I promised in my last blog entry at RENCI that I would host a new blog once I got settled at Microsoft. Herewith is the fulfillment of that promise, with new ruminations on the state of large-scale data centers, multicore hardware and software, computational and computer science, high-performance computing, science policy, industry observations and random musings on life and its idiosyncrasies. This is just another way to say that I will write about my passions and interests.
I've also switched to newer blog creation tools, exporting my entries from Microsoft Word, a pretty cool feature of Office 2007. (No, that is not a shameless plug. At RENCI, we were using Pivot for blogging, and I often hacked HTML to shape the look and feel of my posts. Needless to say, that was painful.)
I spent 25 years as a faculty member, research institute leader and university administrator, and I have now been at Microsoft for two weeks. Hence, some of you may be wondering about my initial experiences and perceptions. Busy, exciting, exhausting and fun – all of those adjectives apply. Microsoft is an amazing place, with very talented and dedicated people, and the technical problems are extremely interesting. Herewith are a few impressions.
Building 99: Bug Free
Microsoft Research (MSR) in Redmond moved into a new building in November, 2007. With an adjacent parking garage, flexible research and office space, it is the first of Microsoft's new building designs. Given the number of MSR Redmond researchers, the building is huge, and consequently, I find myself wandering at times, attempting to find a conference room or someone's office. Because the building is new to everyone, asking for directions rarely helps, but it is a great way to meet new people.
Like all buildings, it has a few architectural – what were they thinking – idiosyncrasies. The thing I notice most each day is the atrium lights, or as Craig Mundie affectionately called them during our recent photo shoot for the NY Times, the bug zappers. The lights are vertical cylinders wrapped in perforated aluminum, and they really do look like bug zappers. Humor and bug zappers aside, it's clear lots of thought was given to fostering interaction and collaboration. It's a great building.
Coffee and Espresso: Need My Fix
We are in greater Seattle, and we are geeks, so coffee is de rigueur. (See Joe, Java, Espresso: Fueling Innovation.) Thus, Building 99 has an espresso bar in the atrium, and I use it regularly (the espresso bar, not the atrium). I am also consuming large quantities of Starbucks coffee from the break rooms, all of which (across campus) grind beans and make fresh coffee on demand. Ah, life is good!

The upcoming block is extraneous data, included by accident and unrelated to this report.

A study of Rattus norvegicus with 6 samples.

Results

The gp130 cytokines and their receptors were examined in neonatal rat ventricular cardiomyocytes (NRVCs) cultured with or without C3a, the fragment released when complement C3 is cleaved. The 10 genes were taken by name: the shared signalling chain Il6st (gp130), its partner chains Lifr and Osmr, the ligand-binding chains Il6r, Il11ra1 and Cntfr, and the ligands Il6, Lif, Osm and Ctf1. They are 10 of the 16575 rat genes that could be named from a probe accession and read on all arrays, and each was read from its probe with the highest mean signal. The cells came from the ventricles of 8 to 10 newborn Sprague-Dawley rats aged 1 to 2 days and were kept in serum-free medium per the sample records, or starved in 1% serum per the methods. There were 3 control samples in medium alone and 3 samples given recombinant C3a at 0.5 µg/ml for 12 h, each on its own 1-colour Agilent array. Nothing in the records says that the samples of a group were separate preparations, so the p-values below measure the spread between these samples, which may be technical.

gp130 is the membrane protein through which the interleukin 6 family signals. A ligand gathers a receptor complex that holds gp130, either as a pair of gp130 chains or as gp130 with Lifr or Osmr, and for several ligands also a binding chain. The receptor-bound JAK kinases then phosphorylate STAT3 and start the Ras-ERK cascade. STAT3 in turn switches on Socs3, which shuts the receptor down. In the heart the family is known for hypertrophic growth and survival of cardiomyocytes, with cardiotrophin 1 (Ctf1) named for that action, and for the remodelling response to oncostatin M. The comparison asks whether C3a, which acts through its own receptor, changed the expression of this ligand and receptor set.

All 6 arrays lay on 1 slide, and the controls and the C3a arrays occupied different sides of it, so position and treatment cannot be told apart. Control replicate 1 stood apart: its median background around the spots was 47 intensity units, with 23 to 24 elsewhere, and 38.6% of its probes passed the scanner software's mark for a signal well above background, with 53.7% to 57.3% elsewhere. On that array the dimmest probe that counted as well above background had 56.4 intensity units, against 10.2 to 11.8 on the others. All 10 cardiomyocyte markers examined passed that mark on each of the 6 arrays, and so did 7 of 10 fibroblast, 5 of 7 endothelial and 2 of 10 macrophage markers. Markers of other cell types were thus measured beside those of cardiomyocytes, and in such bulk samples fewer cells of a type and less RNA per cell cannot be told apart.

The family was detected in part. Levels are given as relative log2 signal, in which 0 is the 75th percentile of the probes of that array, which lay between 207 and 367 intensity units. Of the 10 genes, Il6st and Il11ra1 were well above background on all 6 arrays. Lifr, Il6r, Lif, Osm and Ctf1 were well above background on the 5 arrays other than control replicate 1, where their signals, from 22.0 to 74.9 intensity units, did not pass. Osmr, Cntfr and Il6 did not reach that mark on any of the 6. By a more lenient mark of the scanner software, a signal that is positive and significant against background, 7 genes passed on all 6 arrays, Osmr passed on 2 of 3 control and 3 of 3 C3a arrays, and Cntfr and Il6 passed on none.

All this reminds me yet again that innovation (at least the computing kind) is fueled by caffeine. When we were designing Siebel Center for Computer Science at the University of Illinois, we fought for and succeeded in getting an espresso bar installed in the atrium, but it wasn't easy. I distinctly remember telling the architects and building planners that the message from the faculty was loud and clear – it was the espresso bar or my life as department head. We could reduce the size of faculty offices if necessary, but the espresso bar stayed, no matter what the program cost.
Until my wife and I buy a house in Seattle, I am living in a Microsoft corporate apartment in Redmond, managed by Aboda. When I arrived, I was pleasantly surprised to find the refrigerator already stocked with food and a cable modem ready for broadband network use. This has been great; it simplified my life enormously during the transition.
It Does Rain
It certainly has this month, about seven inches in total. Of course, that is about twice the typical amount for December, and parts of Washington State have been declared a Federal disaster area. The really bad weather began just as I arrived (coincidence, I hope) but I didn't think of it as particularly bad, certainly not after experiencing Illinois winters. (In my 20 years at Illinois, the university closed only once, not because people couldn't get to work, but because we were afraid some of the students might die of exposure walking a mile from the south campus dormitories to north campus classrooms when the wind chill was -60F.)
So, yes, it rains, but this month has been atypical. I am awaiting the more normal winter misty rain and then spring and blue skies.
What About Work?
As I mentioned earlier (See Dan@Microsoft), my task is to explore the design of next-generation data centers for computing clouds and other capabilities. This is a "clean sheet of paper" exercise to examine software, architecture, packaging, environmental and other elements. This is my day job; my night job (you didn't think I sleep, did you?) is to help accelerate future software and tools for multicore and manycore (large-scale multicore) chips.
It has been very rewarding to talk to both MSR researchers and Microsoft product team members about their ideas and insights into these complex problems. I've been reading, listening, talking and thinking. The possibilities here are manifold.
I am delighted to be here. As they say, watch this space!